Biofuel Industry News
Can Air Travel Become Sustainable?
Aug 25 2021
Air travel is a major contributor to climate change, accounting for 2.5% of global carbon dioxide (CO2) emissions and 1.9% of greenhouse gas emissions, including methane and nitrous oxide. Studies suggest that overall, the aviation industry accounts for 3.5% of effective radiative forcing, a parameter used to measure the amount of energy being directed towards the Earth's surface and driving global warming.
A single plane ticket can have the same carbon footprint as a year of driving a gasoline-powered car, making air travel a considerable environmental burden. While air travel dropped during the COVID-19 pandemic, it’s expected to pick up again in the next decade. With climate change concerns mounting, airlines are under increasing pressure to reduce carbon emissions and chart a path to a cleaner and more eco-friendly future. Here’s how they’ll be doing it:
Sustainable aviation fuels
Sustainable aviation fuels (SAFs) will play a key role in helping the industry reduce emissions and transition towards a low-carbon future. Advanced biofuels manufactured from waste oils and vegetable feedstocks are already being used by aviation giants like Cathay Pacific, which has committed to net-zero emissions by 2050.
“Our net-zero pledge aligns with the requirements laid out in the UN’s Intergovernmental Panel on Climate Change (IPCC) and the Paris Agreement, and provides the focus we need in aligning our strategy – from fleet planning and carbon offsetting to further investment in Sustainable Aviation Fuel and the development of new technologies,” says Cathay Pacific Chief Executive Officer Augustus Tang.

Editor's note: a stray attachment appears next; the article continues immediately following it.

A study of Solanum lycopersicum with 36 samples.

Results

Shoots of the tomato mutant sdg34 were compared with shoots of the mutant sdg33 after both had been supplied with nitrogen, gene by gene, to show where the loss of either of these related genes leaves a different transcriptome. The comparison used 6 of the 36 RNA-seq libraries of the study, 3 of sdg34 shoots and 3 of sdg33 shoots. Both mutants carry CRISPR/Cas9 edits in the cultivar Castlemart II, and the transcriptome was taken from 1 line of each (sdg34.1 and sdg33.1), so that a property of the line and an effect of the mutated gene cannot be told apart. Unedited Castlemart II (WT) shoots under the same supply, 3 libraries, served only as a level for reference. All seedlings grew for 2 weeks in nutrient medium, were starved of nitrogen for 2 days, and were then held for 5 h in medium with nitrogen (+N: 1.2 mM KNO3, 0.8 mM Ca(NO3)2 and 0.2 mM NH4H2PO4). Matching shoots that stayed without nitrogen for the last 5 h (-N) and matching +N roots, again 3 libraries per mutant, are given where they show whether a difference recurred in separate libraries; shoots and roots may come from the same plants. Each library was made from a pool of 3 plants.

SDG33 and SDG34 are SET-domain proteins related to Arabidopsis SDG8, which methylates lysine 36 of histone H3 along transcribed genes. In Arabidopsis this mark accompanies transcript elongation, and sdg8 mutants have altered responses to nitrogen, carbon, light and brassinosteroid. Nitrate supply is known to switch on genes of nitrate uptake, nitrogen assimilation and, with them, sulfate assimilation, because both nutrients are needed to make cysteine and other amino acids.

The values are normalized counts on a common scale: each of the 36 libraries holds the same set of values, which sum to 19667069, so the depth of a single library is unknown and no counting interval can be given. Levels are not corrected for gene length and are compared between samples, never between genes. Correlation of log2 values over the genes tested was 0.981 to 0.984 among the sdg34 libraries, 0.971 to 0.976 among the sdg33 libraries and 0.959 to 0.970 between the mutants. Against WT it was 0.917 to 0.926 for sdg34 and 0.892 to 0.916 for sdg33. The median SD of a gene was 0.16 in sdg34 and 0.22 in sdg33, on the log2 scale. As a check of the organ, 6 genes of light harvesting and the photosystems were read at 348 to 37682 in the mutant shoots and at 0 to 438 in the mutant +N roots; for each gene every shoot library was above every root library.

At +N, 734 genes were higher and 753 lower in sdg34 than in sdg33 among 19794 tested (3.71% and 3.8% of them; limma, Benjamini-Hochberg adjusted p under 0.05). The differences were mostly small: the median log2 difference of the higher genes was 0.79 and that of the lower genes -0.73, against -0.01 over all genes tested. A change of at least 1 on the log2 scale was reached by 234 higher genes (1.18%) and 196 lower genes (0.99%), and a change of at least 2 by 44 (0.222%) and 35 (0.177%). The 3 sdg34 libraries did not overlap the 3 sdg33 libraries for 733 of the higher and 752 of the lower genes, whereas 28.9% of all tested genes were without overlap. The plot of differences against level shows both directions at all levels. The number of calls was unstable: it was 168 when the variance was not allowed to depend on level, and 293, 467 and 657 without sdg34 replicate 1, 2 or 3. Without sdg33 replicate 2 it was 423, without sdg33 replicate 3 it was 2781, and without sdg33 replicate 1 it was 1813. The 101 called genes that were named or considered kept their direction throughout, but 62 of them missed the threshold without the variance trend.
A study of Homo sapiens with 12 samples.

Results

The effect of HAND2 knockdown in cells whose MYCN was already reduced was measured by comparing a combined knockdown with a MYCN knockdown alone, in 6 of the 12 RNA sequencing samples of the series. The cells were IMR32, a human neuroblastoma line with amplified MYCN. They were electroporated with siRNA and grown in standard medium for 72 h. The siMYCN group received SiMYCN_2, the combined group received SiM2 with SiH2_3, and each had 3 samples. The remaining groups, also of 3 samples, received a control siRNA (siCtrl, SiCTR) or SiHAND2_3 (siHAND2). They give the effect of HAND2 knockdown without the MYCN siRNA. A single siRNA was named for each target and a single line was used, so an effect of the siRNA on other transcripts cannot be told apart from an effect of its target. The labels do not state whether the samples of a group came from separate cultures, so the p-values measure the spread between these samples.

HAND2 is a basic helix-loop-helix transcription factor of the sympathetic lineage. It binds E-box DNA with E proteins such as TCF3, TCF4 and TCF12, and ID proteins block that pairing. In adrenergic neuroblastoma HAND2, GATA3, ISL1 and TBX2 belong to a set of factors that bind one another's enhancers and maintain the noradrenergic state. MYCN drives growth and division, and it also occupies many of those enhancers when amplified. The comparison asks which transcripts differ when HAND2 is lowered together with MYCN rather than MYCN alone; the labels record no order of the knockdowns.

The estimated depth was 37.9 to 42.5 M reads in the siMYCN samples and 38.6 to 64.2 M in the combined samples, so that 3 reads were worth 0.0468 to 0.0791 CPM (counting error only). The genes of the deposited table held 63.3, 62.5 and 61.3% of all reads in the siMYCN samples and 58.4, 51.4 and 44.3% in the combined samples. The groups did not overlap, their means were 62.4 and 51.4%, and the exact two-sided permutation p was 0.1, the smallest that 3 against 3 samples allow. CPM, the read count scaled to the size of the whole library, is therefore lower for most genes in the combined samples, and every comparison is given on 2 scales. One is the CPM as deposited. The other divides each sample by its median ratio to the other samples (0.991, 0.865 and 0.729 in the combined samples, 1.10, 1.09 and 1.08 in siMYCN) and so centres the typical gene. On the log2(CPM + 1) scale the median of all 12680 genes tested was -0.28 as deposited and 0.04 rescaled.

Government action is fundamental to sustainable air travel, with countries like Norway leading the pack. The Scandinavian nation recently announced that 0.5% of all aviation fuel must be sustainable, with a goal of 30% by 2030. By 2040 it plans to hit a target of 100% electric short-haul flights. Canada is another environmental leader, with the Great White North introducing a CAD$30 carbon tax per metric ton of CO2 released on domestic flights.
New aircraft technology
New aircraft technology will play an important role in bringing down emissions, with efficient long-haul twin-engine aircraft offering fuel savings of up to 20% per passenger on their four-engine predecessors. The use of alternative propulsion solutions such as electricity and hydrogen is also gaining momentum in small planes built to carry less than 100 passengers.
Want to know more about the exciting new technologies transforming the aviation industry, including the latest biofuel breakthroughs? Find out more from Koehler Instrument Company representative Dr. Raj Shah in ‘Recent Advances in the Sustainable Aviation Industry’.